21 February 2010

Reading in the so-called electronic age (Part one).

This is just a formative post about this topic.

In the end, I hope to have written a couple of entries about the e-book and what I perceive to be its impact on 'reading culture' (something with which I have struggled for years to try to define) because so many people have asked me what I think about e-book readers including the Kindle, and I have asked many people the same questions.

As a type of preparation for my writing (in a sense, this is a type of foray back into a world of academic writing that I cannot seem to break up with for good), I have pulled Sven Birkerts The Gutenberg Elegies from its spot on my bookshelf in the dining room. I will certainly have more to say about Mr. Birkerts' (now sixteen year old) book later this week or this month, but I will say one thing about it for now:  I am not as seduced by its monastic litany, the Kyrie Eleison, the prayers asking for the return of the old ways.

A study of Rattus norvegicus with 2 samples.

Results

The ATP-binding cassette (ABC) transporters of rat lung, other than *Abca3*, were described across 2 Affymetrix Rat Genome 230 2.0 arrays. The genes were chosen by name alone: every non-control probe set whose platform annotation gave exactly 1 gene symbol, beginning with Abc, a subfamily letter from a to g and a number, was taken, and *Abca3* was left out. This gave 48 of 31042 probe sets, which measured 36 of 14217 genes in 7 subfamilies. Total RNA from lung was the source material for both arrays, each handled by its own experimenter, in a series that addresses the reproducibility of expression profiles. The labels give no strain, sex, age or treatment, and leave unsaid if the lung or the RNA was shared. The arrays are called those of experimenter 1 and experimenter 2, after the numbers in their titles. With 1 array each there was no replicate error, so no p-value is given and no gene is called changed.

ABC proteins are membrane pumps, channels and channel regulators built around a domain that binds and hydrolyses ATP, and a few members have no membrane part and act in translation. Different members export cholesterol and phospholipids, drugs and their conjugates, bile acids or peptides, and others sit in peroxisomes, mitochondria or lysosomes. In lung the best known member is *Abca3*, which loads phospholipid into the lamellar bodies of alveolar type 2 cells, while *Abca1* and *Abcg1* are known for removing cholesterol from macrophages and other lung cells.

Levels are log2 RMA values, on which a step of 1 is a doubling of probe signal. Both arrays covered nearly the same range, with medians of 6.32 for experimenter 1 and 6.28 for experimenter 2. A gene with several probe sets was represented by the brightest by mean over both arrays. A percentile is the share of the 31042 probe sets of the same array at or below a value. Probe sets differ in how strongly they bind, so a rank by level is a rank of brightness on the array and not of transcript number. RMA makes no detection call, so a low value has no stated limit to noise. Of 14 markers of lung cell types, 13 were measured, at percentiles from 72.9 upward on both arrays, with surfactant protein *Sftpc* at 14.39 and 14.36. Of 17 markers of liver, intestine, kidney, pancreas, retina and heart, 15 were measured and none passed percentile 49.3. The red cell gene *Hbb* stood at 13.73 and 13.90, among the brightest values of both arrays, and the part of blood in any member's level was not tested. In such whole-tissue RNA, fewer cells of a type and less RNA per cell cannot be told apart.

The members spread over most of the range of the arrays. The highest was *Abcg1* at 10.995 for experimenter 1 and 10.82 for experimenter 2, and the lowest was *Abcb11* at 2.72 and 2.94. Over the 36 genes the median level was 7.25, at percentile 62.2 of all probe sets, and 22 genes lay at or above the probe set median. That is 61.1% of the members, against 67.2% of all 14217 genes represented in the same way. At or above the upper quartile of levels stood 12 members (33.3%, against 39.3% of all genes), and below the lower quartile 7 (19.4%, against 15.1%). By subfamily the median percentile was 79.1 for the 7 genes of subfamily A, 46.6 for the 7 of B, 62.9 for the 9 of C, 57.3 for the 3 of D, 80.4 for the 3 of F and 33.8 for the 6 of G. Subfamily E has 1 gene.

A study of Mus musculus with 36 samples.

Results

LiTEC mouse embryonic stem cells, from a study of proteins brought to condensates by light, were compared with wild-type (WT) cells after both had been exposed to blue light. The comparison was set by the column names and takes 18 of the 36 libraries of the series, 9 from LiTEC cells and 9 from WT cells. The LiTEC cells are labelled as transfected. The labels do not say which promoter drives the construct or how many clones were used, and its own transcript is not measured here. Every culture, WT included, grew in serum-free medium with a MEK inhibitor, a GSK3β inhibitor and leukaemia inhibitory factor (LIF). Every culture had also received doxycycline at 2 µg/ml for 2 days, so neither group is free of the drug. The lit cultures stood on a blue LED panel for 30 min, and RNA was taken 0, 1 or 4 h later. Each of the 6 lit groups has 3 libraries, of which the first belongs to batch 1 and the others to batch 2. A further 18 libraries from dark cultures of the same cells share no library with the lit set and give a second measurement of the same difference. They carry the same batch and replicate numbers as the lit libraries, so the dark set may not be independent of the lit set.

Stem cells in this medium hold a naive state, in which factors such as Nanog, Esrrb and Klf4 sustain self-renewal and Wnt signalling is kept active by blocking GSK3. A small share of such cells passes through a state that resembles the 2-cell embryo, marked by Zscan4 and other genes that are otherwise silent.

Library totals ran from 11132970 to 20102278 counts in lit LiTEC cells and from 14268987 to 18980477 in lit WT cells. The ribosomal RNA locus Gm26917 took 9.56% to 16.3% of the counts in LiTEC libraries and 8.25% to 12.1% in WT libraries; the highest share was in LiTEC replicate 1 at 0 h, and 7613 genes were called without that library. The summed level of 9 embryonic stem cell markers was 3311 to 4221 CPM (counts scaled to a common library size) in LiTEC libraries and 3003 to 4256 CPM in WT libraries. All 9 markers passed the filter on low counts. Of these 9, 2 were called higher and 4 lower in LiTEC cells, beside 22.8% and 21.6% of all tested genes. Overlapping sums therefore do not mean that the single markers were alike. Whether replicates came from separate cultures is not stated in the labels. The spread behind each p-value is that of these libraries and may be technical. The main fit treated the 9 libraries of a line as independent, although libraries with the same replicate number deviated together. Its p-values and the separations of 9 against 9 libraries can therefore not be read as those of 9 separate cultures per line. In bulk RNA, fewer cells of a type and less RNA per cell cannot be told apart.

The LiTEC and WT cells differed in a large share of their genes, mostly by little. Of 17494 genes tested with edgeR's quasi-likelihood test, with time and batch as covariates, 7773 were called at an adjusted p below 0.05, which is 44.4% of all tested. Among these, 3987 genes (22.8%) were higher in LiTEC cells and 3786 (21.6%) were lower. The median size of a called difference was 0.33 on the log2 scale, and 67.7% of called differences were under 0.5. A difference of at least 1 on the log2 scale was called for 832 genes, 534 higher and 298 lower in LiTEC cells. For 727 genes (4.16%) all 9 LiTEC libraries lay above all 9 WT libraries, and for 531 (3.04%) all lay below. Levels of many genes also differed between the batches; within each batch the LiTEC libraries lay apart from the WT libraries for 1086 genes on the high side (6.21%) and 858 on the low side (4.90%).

I am not a Luddite, nor am I so enamored with technology that I fail to stop to ask questions about its impact upon me and my fellow humans.  Since I work in an academic department with people for whom technology and its continued advancements are an integral part of life, I have grown much more appreciative of their intellectual missions and how their accrued knowledge very much contributes to my own growing sensibilities about what it means to read in 2010 as opposed to 1610 or even as far back as 1510.

It is not, I think, a bad thing for us to evolve and change as readers.  How we evolve and change as readers, writers and thinkers fully informs us how we used to (and still do in some cases!) read, write and think.